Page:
Unlocking the Secrets of Longevity through Genetic Variants

Unlocking the Secrets of Longevity through Genetic Variants

In a groundbreaking study conducted by scientists from the Translational Genomics Research Institute (TGen), 11 diverse polygenic longevity scores (PLS) have been formulated using data from four studies that link genetic variants to lifespan. These scores have the remarkable ability to not only predict long life but also denote resistance to certain age-related ailments including Alzheimer’s disease and heart disease.

Leading the research efforts, Dr. Janith Don and Dr. Nicholas Schork, alongside their team, analyzed genome data extracted from the UK BioBank database which comprises approximately 480,000 individuals from the United Kingdom aged between 40 and 69. Upon publication of their findings in GeroScience, the researchers established a strong correlation between the PLS and the lifespan of the parents of the subjects included in the BioBank study. Individuals with higher PLS were found to have an average lifespan extension ranging between 0.31 to 1.98 years compared to those with lower scores.

Moreover, the study revealed a fascinating link between PLS and susceptibility to non-cancerous illnesses such as Alzheimer’s, coronary artery disease, heart attack, diabetes, and even COVID-19. Notably, individuals with higher PLS exhibited reduced risks of contracting these diseases. Conversely, the PLS did not predict resilience to any form of cancer, a finding attributed to the stochastic nature of cancer rather than genetic makeup according to Dr. Schork, Deputy Director of TGen.

Traditionally, genome-wide association studies (GWAS) have focused on identifying genetic variants associated with specific diseases. This has led to the development of polygenic risk scores (PRS) that quantify the collective risk of disease-related genetic variants. In a remarkable departure from convention, the TGen researchers opted to devise scores that encapsulate the “risk” of longevity based on GWAS exploring genetic markers linked to lifespan.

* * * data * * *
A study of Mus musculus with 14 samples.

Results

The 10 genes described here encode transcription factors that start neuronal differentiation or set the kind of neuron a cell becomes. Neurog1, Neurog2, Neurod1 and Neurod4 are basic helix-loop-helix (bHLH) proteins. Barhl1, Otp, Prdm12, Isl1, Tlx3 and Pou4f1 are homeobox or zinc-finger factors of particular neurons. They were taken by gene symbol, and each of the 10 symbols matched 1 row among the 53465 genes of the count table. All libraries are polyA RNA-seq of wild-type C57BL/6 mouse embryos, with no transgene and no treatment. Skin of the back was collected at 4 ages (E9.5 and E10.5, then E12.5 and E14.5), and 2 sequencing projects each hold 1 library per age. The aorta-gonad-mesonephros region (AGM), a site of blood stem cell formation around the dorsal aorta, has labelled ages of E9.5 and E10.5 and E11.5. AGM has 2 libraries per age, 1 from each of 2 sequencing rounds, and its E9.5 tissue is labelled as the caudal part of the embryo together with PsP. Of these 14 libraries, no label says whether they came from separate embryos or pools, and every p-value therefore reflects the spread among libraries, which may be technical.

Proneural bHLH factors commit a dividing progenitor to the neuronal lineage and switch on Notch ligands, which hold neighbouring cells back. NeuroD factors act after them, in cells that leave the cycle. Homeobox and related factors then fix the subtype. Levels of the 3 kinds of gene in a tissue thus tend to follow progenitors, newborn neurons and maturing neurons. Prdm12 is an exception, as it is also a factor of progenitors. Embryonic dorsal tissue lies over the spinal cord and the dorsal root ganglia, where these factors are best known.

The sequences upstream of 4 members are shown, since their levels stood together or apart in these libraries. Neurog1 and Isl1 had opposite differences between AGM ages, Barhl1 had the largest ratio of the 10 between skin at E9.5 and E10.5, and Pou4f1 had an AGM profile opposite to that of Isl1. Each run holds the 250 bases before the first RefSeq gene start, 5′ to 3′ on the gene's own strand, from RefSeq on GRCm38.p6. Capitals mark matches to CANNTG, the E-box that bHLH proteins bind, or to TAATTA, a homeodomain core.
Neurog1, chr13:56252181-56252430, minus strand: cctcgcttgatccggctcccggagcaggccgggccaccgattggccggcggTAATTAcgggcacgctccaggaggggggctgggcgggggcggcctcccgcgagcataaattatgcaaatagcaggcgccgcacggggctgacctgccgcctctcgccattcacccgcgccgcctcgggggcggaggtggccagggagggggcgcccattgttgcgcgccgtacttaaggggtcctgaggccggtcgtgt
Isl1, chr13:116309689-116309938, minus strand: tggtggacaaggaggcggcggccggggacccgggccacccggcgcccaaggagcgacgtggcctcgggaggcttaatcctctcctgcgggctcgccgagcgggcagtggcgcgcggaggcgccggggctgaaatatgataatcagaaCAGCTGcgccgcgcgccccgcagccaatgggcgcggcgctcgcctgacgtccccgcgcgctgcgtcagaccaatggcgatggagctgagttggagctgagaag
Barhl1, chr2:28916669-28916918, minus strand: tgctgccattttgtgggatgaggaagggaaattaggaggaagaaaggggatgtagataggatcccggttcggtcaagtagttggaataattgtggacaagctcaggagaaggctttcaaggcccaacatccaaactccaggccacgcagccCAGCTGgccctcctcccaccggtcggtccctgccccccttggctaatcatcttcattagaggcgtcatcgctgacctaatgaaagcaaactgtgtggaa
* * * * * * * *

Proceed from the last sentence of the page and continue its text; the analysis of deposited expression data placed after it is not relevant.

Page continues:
The four GWAS on which the 11 PLS are based do not share identical genetic variants, though there is some overlap. Dr. Don, a postdoctoral fellow at TGen, emphasized that the definition of “long-lived” individuals in these studies ranged from nonagenarians to “super-centenarians” above the age of 100. Despite this variety in longevity definitions, the PLS were found to strongly align with the data from the BioBank study, indicating their robustness and reliability in reflecting health and lifespan.

Moving forward, Dr. Schork, Dr. Don, and their team are delving deeper into the genetic components constituting the PLS to elucidate their protective mechanisms against various diseases. By examining these genetic variants more closely, the researchers aim to uncover the underlying mechanisms that contribute to longevity and overall well-being in individuals with high PLS.

The development of polygenic longevity scores represents a significant milestone in genetic research, offering valuable insights into the determinants of long life and disease resilience. This groundbreaking study paves the way for future investigations into the genetic factors influencing lifespan and opens up new avenues for personalized medicine and preventive healthcare strategies.